Ce Thered sera didié aux statistiques relatives au trafic aérien en Algérie (nombre de passagers, nombre de vols, nombre de mouvements d'avions, transport de fret...)
sourceAir Algérie is third largest airline in North Africa; Over 75% of capacity split between domestic and French markets
One of Air Algérie’s six A330-200s, which ply their trade to destinations like Paris (Orly and CDG), Dubai, Beijing, and seen here in Montreal. The Algiers-Paris Orly route is the North African carrier’s biggest route in terms of weekly seats.
The third largest airline in North Africa (in terms of weekly seats and according to Innovata schedule data), after EGYPTAIR and Royal Air Maroc, Air Algérie’s main base is Algiers, with nearly 40% of its weekly seats originating in the capital and largest city in Algeria. While its #3 position is unlikely to be under any serious threat from #4 airline Tunisair, which offers nearly 19,000 less weekly seats, Air Algérie has itself trimmed over 19,000 weekly seats (-15%) from its schedule this March, when compared to 18-24 March 2013.
The Algerian flag carrier still dominates its home market, controlling nearly 55% of all seats, with #2 carrier Saudi Arabian Airlines and #3 Aigle Azur offering less than half of that share even when their weekly seats are combined. Air Algérie’s position would seem secure from any imminent low-cost threat too, as Vueling is currently the only LCC serving Algeria, with less than 1% of weekly seats.
Domestic dominates country markets, but feels capacity cull
With nearly 76% of all weekly seats split (approximately two thirds to one-third) between Air Algérie’s domestic services and France, these two country markets dwarf the #3 market of Spain. However the importance of the top two markets has waned over the last 12 months, as they were responsible for nearly 80% of seats in March 2013. Indeed, both markets have been visited by the network planner’s axe in the past year, with domestic sectors being trimmed by nearly 6,000 weekly seats, while France has seen nearly 7,000 weekly seats culled. In the same period, the airline’s capacity commitment to Spain has gone pretty much unchanged with some marginal growth.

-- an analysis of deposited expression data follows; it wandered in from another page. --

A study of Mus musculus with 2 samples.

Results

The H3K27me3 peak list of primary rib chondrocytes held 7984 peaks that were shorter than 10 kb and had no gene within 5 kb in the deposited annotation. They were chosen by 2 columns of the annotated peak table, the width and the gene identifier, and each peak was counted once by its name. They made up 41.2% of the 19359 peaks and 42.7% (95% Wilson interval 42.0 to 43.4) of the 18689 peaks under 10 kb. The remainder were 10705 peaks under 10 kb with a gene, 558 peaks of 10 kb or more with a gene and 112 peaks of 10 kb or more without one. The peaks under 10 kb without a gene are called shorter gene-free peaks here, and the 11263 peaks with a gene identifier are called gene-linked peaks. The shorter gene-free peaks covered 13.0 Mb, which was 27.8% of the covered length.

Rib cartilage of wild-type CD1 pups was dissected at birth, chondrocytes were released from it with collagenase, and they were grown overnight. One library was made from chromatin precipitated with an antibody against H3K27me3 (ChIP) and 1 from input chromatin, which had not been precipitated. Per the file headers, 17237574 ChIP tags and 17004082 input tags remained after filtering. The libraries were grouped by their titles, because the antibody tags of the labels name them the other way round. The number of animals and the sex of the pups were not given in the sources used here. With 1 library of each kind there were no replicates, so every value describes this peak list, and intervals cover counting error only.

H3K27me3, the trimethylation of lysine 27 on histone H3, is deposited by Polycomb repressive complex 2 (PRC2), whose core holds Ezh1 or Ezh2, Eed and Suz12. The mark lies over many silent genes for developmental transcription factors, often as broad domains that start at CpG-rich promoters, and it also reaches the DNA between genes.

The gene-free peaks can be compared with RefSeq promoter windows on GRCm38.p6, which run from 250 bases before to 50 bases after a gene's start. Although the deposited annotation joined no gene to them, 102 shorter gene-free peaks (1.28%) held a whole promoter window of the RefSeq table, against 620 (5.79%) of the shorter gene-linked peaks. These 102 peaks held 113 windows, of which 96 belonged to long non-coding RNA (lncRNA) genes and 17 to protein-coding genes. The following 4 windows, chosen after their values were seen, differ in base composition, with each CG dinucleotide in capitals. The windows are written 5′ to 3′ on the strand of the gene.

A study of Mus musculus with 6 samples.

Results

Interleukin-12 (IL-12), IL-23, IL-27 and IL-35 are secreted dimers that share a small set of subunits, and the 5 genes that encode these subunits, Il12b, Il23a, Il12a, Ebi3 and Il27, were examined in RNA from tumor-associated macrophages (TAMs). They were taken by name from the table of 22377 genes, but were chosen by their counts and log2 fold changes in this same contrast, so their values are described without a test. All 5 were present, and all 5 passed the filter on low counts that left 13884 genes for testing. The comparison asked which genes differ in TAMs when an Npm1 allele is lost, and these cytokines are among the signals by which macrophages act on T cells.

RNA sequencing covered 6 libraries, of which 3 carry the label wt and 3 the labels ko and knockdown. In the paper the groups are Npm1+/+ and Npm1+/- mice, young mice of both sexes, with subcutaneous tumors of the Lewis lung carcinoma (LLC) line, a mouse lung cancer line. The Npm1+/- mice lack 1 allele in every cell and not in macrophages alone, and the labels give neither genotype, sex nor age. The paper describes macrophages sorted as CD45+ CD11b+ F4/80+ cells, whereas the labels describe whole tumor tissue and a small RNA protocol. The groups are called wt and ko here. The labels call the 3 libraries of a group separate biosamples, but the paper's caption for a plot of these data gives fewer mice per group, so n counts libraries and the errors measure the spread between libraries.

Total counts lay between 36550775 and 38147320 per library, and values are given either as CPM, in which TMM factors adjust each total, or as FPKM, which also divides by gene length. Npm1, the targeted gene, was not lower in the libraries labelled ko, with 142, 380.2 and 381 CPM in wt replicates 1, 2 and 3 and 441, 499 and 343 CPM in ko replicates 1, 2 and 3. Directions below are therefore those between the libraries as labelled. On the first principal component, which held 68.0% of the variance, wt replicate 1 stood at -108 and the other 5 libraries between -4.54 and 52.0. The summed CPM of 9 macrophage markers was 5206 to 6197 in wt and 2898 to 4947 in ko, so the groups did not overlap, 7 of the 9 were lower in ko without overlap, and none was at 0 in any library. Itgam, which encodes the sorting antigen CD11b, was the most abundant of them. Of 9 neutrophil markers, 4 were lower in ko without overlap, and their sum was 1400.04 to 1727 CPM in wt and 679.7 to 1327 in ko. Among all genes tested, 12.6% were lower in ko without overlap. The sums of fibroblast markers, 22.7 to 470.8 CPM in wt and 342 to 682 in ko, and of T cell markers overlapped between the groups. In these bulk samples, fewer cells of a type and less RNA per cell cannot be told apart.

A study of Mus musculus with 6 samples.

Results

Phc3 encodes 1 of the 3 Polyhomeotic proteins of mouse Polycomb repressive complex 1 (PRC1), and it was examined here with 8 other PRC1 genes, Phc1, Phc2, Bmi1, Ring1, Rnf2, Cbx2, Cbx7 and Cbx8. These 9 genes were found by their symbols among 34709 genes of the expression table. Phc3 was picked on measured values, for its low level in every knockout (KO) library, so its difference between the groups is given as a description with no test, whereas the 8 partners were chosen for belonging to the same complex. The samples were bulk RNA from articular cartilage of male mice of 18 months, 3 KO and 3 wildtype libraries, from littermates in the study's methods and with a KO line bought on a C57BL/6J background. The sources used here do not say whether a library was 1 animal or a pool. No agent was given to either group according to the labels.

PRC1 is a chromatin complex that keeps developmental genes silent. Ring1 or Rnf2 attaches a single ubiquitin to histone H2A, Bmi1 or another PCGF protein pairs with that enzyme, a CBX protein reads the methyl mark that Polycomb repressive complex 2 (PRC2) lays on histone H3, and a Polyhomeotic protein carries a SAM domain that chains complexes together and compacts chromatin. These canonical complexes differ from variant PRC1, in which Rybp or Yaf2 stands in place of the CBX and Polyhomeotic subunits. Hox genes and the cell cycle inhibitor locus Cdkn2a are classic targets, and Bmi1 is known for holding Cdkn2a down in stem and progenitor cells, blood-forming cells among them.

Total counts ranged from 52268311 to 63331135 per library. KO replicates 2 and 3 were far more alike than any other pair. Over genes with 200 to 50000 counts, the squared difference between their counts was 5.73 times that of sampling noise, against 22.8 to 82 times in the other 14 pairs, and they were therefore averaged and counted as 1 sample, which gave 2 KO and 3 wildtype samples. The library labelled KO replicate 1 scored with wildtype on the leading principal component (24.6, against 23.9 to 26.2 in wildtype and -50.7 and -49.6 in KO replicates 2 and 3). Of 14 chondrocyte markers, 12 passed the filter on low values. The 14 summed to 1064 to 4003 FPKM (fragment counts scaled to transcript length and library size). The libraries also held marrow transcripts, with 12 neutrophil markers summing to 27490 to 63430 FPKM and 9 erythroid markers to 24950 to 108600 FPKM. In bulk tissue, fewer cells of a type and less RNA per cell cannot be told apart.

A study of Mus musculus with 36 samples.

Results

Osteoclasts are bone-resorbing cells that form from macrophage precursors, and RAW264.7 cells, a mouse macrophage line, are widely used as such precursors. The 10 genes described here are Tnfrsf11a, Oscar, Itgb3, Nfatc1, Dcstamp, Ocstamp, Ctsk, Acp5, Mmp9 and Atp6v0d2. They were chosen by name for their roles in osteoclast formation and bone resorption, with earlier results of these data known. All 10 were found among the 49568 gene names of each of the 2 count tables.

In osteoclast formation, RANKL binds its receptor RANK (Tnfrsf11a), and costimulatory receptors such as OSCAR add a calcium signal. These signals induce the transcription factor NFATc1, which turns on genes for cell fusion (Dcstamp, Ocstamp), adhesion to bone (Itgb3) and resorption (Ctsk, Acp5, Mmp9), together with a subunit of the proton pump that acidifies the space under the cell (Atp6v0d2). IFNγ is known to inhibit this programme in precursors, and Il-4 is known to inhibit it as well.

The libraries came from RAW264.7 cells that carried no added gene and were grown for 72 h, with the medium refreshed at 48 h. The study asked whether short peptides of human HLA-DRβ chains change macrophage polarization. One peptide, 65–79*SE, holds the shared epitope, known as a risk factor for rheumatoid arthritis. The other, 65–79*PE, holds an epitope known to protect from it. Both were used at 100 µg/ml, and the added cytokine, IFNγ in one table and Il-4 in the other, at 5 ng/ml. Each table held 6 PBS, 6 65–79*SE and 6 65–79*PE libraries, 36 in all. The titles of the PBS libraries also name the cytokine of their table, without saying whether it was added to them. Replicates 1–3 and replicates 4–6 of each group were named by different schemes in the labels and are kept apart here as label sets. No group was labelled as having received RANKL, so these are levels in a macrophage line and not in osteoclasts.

Source: Innovata / Diio Mi 18-24 March.
New entrants to the airline’s top 12 routes since last March are Mali and Niger, with Turkey and Morocco improving their positions to the detriment of troubled Tunisia, while Senegal has jumped to ninth from the twelfth position it achieved a year ago. The top 12 country markets command over 93% of all Air Algérie’s, indicating its reliance on a narrow network, but this position has improved slightly since last March, as this figure has decreased from nearly 95%.
Capital city capacity crucial
The capacity cull is being felt across the airline’s network, with four out the top five city airport pairs being trimmed over the last 12 months, with 1,780 weekly seats being lost from the #1 route. Despite this reduction in seats, such is the importance of Paris Orly to Air Algérie, that the Parisian hub is still the fourth largest airport in the airline’s portfolio in terms of total weekly seats. Three of the four (the exception being Algiers-Oran) domestic routes (in light green) in the top 12 have witnessed extra capacity year-on-year, with just one international service, Algiers to Casablanca, receiving extra seats since last March.
Source: Innovata / Diio Mi 18-24 March.
While the top 12 routes are clearly important to the carrier, their respective share of Air Algérie’s flying has declined over the last 12 months, falling from 44% of seats to just over 40% in March 2014. The bottom third of the top 12 routes are all new entrants in the last year.
Five services ready to launch
Over the course of S14, Air Algérie is expected to start-up five new routes, according to anna.aero’s New Route Database. Of these, three have been served before, namely the routes to Vienna (last served in November 1987), Lisbon (May 1994) and Paris CDG (September 2006), while one is seasonal, Valencia, which will be served until 20 September.